The deja vu was starting to set in for the Florida Gators in the second half of their game with Mississippi State on Wednesday night. The Bulldogs had taken control of the pace and lead late in the first half, forcing the Gators to chase after halftime — and though they did so, it did not necessarily look like they would manage to take a lead, something they also failed to do in valiant comeback attempts against Auburn and LSU that ended in losses.
But Florida tied this game midway through the half. Things could be different!
And then Mississippi State put together a 8-0 run. So maybe not!
It was the Gators’ next step — or, rather, their finishing flourish — that differentiated this game of deficits, and ultimately made it a win.
From that 61-53 hole, Florida embarked on an extended 24-8 run — with 20-2 and 14-0 stretches — that made this game its own, even without Colin Castleton around to battle the Bulldogs’ bigs. And even though their final minute was not the cleanest in hoops history, the Gators stood tall at the end of it, an 80-72 triumph seized from the hands of another team fighting for stability from the outskirts of the NCAA Tournament serving as a fitting prize.
Anthony Duruji scored a Florida-best 22 points and had five steals to lead the Gators, freshman Kowacie Reeves had his second straight 14-point game, and Tyree Appleby had 17 points, five assists, four rebounds, and just two turnovers off the bench, their combined efforts more than compensating for the absence of Castleton, who sat with a left shoulder injury but still got copious TV time while making his usual assortment of funny faces on the bench in a white hoodie.
Phlandrous Fleming also had 10 points and five assists, his best one coming on a heave from halfcourt that landed in Duruji’s hands after a failure to foul by Mississippi State in the last minute.
And Duruji had the night’s best play, a steal-and-score sequence on which he broke on a bad pass near midcourt, measured his defender beautifully, and absorbed contact before launching a reverse layup that got a favorable bounce before falling.
It was the first part of a three-point play that got Florida’s lead to four, with the eighth free throw make of Duruji’s night finishing it. And that sequence, charity stripe cash-in included, was a microcosm of Florida’s night: After starting somewhat slowly from inside the arc and trailing the Bulldogs by 10 late in the first half, the Gators ended up shooting an excellent 13-of-21 on twos, bested that performance by sinking 10 of 24 threes, and shocked every Florida fan in attendance or watching with a stunning 24-for-30 night at the line that improved the Gators’ free throw shooting percentage on the second by almost an entire point.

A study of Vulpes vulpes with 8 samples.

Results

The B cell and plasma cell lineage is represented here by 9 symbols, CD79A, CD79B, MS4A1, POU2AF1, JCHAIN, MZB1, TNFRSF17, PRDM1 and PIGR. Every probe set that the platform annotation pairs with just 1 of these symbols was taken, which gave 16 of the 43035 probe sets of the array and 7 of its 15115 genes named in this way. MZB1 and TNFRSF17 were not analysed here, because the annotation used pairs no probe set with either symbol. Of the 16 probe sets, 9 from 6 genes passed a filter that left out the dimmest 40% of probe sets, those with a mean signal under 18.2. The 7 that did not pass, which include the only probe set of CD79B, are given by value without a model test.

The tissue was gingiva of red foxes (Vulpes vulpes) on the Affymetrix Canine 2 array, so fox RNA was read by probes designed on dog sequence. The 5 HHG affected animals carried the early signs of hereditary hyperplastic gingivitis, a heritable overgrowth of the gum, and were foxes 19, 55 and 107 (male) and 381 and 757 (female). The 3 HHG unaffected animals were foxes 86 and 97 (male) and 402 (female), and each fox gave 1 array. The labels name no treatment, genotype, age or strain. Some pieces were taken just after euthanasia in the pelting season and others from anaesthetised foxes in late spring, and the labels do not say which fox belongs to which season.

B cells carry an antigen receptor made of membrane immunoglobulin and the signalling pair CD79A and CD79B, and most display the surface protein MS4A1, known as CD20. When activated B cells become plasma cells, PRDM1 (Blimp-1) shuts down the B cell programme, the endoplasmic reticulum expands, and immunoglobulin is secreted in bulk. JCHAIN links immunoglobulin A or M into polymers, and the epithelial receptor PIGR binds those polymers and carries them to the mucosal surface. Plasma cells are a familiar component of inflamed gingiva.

It was a night that had enough room for personal half-to-half redemption, too. Jason Jitoboh, maybe more than any other Gator, made a comeback in this game, which he started with three fouls in the first half and a fourth not long into the second and ended with eight points, two blocks, and two clutch free throws after being intentionally fouled with just over a minute to play.
It was not perfect, of course. Mississippi State shot 54 percent from the floor and made 24 of its 37 twos, collected 11 offensive rebounds, and came up with nine steals on Florida’s 12 turnovers. Castleton’s absence was clearly felt inside.
But a Florida team that would have been forgiven by some for losing without Castleton still needed to avoid that loss if at all possible — and it did, with fine nights from players asked to do more to make up for their star teammate’s unavailability proving that those players can step up to challenges.
It remains to be seen if and when Castleton will return; Florida would obviously prefer to have him as close to full health as possible, so sitting him is not out of the question.
This game was a test of the rest of the Gators’ heart, though — and they passed.